Zero-hours contracts rife in education

UCU research aims to find figure for academy alone

August 8, 2013

The education sector, including higher education, is the second most likely to use zero-hours contracts, according to a survey highlighting the widespread use of the controversial deals.

A survey of 1,000 employers by the Chartered Institute of Personnel and Development, published on 5 August, indicates that between 3 and 4 per cent of the UK workforce – more than 1 million people – are on such contracts.

Nick Clegg, the deputy prime minister, revealed last week that the Department for Business, Innovation and Skills is reviewing zero-hours contracts to gauge the breadth of their use and impact.

The CIPD’s survey shows that zero-hours contracts – which offer workers no guarantee of the hours they will work – are most common in the hotel, catering and leisure industry, where 48 per cent of employers said they had at least one person on a zero-hours contract, followed by education (35 per cent) and healthcare ( per cent).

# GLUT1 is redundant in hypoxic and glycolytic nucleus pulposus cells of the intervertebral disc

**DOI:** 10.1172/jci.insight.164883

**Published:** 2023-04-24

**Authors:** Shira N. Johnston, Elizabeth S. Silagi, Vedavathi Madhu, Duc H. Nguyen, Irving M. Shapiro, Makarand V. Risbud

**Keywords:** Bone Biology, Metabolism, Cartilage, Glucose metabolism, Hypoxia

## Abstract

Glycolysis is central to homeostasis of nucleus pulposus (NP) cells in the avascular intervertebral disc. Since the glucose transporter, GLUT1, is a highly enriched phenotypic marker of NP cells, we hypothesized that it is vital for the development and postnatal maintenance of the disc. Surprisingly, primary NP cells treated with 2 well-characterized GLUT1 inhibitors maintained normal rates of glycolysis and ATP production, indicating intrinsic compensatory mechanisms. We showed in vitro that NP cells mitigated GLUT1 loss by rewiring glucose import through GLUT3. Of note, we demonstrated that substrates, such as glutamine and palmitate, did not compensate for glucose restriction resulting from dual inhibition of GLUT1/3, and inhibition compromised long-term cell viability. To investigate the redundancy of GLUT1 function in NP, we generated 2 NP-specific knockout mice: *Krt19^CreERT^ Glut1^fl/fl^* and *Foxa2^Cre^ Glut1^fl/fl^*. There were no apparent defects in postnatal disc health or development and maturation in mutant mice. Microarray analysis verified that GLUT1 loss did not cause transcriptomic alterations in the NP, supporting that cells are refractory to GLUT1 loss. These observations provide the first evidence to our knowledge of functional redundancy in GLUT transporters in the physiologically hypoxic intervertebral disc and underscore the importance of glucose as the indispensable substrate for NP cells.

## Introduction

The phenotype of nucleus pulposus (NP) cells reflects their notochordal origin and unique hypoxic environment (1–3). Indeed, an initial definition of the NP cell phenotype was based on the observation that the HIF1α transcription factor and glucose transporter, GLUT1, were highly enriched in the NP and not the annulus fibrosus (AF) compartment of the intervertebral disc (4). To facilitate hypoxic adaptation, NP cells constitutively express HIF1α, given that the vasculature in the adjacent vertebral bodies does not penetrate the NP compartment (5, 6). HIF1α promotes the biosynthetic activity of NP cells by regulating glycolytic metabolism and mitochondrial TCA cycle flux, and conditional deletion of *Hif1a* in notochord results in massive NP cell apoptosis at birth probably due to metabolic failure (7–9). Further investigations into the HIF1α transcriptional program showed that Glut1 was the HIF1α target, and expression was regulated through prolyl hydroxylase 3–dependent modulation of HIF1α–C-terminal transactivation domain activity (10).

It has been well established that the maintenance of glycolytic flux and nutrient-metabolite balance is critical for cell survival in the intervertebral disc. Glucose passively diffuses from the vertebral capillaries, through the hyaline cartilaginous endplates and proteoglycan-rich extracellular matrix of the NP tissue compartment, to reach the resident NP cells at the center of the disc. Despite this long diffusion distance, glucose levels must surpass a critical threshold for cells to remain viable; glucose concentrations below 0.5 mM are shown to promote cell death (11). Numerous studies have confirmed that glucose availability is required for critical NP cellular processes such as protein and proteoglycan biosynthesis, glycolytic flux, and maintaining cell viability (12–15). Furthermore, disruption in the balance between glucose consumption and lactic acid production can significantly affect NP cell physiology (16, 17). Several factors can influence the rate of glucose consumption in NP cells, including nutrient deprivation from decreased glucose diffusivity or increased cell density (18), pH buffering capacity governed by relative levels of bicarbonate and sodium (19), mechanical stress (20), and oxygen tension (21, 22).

A CIPD spokeswoman said the figures came from the organisation’s Labour Market Outlook: Summer 2013 survey and include those working in primary, secondary, further and higher education.

There are as yet no authoritative figures on the use of zero-hours contracts in the academy. The Higher Education Statistics Agency found that 187,865 “atypical staff” were employed by higher education institutions during the 2011-12 academic year, an increase of 2.4 per cent on the previous year.

However, a Hesa spokesman said that those counted in this category also included staff on “many other types of non-standard contracts”.

The University and College Union is seeking to fill the information gap. Simon Renton, president of the UCU, said: “We are currently undertaking research in both universities and colleges, and should hopefully have some data soon.

“While there is the chance that flexible contracts work well for some people, employers must not try and hide behind flexibility when staff are made to suffer contracts that offer them few, if any, benefits and leave them in an unstable situation from month to month.”